Title: Velvet Was the Night
Author: Silvia Moreno-Garcia
Publisher: Del Rey
Publication date: August 17, 2021
Length: 289 pages
Genre: Noir/historical fiction
Source: Review copy courtesy of the publisher via NetGalley
From the New York Times bestselling author of Mexican Gothic comes a “delicious, twisted treat for lovers of noir” about a daydreaming secretary, a lonesome enforcer, and the mystery of a missing woman they’re both desperate to find.
1970s, Mexico City. Maite is a secretary who lives for one thing: the latest issue of Secret Romance. While student protests and political unrest consume the city, Maite escapes into stories of passion and danger.
Her next-door neighbor, Leonora, a beautiful art student, seems to live a life of intrigue and romance that Maite envies. When Leonora disappears under suspicious circumstances, Maite finds herself searching for the missing woman—and journeying deeper into Leonora’s secret life of student radicals and dissidents.
Meanwhile, someone else is also looking for Leonora at the behest of his boss, a shadowy figure who commands goon squads dedicated to squashing political activists. Elvis is an eccentric criminal who longs to escape his own life: He loathes violence and loves old movies and rock ’n’ roll. But as Elvis searches for the missing woman, he comes to observe Maite from a distance—and grows more and more obsessed with this woman who shares his love of music and the unspoken loneliness of his heart.
Now as Maite and Elvis come closer to discovering the truth behind Leonora’s disappearance, they can no longer escape the danger that threatens to consume their lives, with hitmen, government agents, and Russian spies all aiming to protect Leonora’s secrets—at gunpoint.
Velvet Was the Night is an edgy, simmering historical novel for lovers of smoky noirs and anti-heroes.
I’ll keep this brief: Velvet Was the Night is an atmospheric noir dive into Mexico City of the early 1970s, a time of student uprisings, police and secret forces and foreign agents, class divisions and criminal underworlds and anarchic collectives. Into this setting, author Silvia Moreno-Garcia inserts a tale of a missing person, a lonely young woman who gets in over her head, and the young thug who dreams of a more glamorous life, set to the tune of great American crooners like Elvis Presley and Bobby Darin.
Maite is 30 years old, an unmarried secretary looked down upon by her family, who finds delight in old records and romantic serial comics, and who secretly steals small tokens from her neighbors in order to find a source of vicarious excitement in her otherwise lonely and uneventful life.
When her neighbor Leonora asks Maite to look after her cat for a few days, she has no idea that soon she’ll be questioned by thugs, government agents, and Leonora’s ex-lover, all searching for film that Leonora might have left behind — photos of police brutality at a student protest. Out of annoyance at Leonora’s disappearance — leaving her behind with an unwanted cat and without her promised payments — Maite begins to try to track down Leonora, but soon finds herself caught up in a tightening web of criminals and spies, somehow envisioning herself living within a romantic adventure story without truly realizing the danger she’s in.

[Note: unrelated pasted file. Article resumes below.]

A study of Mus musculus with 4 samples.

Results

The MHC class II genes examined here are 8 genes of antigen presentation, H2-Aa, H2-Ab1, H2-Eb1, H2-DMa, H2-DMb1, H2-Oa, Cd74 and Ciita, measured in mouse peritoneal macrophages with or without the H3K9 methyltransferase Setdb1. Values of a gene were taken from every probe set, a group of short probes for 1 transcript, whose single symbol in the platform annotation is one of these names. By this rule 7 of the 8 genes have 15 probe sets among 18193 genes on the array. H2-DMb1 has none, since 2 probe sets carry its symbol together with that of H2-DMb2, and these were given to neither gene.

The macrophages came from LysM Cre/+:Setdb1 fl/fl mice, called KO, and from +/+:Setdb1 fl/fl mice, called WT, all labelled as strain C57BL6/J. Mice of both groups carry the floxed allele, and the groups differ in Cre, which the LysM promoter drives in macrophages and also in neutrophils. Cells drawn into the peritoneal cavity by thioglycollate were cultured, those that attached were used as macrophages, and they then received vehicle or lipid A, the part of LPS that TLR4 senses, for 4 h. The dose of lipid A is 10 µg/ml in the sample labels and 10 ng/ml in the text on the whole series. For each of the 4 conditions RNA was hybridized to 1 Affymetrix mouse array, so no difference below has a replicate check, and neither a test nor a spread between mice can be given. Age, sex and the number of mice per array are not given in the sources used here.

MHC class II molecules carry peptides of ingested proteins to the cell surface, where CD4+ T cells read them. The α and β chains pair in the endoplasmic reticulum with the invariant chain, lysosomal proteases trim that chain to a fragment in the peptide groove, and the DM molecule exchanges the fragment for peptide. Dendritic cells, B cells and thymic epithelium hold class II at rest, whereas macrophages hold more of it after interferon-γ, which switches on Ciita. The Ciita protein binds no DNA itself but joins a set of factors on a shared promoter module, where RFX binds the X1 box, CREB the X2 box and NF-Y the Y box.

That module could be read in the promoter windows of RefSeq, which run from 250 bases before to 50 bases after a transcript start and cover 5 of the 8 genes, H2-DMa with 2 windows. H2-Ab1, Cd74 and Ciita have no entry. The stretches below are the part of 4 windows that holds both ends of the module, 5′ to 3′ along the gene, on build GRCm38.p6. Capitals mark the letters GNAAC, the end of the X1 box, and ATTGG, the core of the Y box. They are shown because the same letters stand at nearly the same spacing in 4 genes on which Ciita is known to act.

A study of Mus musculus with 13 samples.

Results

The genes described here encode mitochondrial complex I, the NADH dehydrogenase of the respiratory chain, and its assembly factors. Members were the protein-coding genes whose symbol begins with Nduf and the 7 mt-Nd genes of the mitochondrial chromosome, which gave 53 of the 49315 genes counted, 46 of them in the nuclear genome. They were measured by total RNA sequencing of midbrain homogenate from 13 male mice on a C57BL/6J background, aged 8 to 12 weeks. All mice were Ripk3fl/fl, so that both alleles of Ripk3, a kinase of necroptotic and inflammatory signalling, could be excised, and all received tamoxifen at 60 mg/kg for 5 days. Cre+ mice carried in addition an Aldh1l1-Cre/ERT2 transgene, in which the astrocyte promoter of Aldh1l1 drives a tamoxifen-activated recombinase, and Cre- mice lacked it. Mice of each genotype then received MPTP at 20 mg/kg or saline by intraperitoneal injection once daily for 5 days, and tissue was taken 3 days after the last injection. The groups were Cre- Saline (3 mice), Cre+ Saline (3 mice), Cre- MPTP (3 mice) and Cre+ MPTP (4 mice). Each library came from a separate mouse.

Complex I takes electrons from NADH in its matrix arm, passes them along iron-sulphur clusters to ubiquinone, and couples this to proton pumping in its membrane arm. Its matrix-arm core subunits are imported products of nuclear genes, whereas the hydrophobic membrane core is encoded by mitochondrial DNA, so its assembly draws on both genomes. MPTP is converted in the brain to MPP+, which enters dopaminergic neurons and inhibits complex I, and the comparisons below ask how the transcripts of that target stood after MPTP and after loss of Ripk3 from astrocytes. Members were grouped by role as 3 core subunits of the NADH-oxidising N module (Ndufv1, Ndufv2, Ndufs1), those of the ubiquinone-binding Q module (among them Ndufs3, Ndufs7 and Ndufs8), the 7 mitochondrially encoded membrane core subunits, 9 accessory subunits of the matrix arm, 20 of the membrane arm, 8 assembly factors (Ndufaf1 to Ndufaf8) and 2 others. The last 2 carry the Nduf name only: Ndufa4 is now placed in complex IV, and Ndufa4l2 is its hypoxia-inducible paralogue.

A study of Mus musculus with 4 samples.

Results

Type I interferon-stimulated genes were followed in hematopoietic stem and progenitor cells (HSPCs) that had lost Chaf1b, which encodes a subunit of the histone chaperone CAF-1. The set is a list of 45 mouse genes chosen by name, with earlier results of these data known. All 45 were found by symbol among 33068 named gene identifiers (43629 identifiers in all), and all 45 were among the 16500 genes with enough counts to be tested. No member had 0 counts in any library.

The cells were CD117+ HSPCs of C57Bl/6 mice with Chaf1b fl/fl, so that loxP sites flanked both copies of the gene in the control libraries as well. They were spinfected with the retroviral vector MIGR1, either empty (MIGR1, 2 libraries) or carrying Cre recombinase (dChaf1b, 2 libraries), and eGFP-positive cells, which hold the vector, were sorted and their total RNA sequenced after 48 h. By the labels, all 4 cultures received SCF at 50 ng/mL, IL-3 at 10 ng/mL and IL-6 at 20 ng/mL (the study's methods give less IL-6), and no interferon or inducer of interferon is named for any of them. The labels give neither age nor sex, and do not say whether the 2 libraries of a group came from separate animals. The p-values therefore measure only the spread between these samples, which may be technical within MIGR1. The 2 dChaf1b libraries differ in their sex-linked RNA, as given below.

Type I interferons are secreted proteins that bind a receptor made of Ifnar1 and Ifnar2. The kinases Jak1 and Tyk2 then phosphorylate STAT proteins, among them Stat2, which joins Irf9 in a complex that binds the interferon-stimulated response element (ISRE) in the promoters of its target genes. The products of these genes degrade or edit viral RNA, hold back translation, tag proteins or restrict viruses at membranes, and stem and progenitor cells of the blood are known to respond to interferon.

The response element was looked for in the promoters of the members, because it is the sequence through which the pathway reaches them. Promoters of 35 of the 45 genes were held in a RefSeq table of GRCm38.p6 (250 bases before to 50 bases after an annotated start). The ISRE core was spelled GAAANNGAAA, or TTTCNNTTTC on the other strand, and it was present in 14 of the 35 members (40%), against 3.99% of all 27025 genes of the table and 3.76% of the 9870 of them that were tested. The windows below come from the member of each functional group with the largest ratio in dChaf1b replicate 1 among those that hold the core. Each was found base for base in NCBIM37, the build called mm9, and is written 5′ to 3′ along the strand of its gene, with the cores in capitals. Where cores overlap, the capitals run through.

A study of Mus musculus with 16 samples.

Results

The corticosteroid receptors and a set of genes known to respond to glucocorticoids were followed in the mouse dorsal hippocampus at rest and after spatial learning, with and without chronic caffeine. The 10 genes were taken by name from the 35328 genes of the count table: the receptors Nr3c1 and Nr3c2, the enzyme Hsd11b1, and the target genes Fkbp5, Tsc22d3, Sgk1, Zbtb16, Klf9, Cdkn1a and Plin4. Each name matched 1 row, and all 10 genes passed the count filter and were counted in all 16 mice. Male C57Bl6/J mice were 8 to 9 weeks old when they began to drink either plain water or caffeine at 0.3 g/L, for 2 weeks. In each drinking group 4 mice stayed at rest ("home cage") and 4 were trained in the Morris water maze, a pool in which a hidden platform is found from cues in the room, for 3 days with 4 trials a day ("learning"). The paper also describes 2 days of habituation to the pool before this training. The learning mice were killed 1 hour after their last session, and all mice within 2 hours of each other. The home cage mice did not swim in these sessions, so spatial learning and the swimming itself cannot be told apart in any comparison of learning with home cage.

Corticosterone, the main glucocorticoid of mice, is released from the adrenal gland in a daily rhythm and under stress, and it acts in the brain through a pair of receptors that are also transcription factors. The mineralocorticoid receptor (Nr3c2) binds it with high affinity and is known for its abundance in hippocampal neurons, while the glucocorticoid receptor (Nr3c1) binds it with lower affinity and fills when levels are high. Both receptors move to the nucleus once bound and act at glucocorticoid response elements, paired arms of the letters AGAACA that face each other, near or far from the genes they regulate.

Meanwhile, Elvis is an enforcer with the Hawks, secretive cells of young goons who infiltrate protests and student collectives on behalf of the government, to squash political activism and threaten those who step out of line, using brutality and any means necessary to achieve their goals. Elvis has nothing else in his life, but he dreams of rising out of this seedy life to a position where he can be respected and can enjoy fine music and beautiful things.
Maite and Elvis’s paths eventually cross, as the tension builds, and each discovers hidden links about Leonora and her connections.
The storytelling embraces the grittiness of a noir setting, while bringing to life the feel of 1970s Mexico City. Through the characters, we get a good feel of the economics and politics of the time, as well as the casual way an otherwise uninvolved person can stumble into intrigue and mortal danger.
I did find the political elements and names of the various secrets forces somewhat confusing, not being particularly familiar with the history of that place and time. I was able to follow along well enough, but occasionally felt like I was missing something.
Velvet Was the Night is action-oriented, yet also conveys a well-defined character study of two very different people, Elvis and Maite, showing their inner lives, their thwarted dreams, and their overwhelming loneliness.
I enjoyed the book, especially because I listened to the audio version, with great narration by Gisela Chipe. At times, I felt the constant car chases and fistfights and scenes of intimidation were too much, and it was much too obvious where the hidden photos were, but overall, this is an entertaining read/listen — a book with a setting that’s very different from most of the other reading I did in 2021.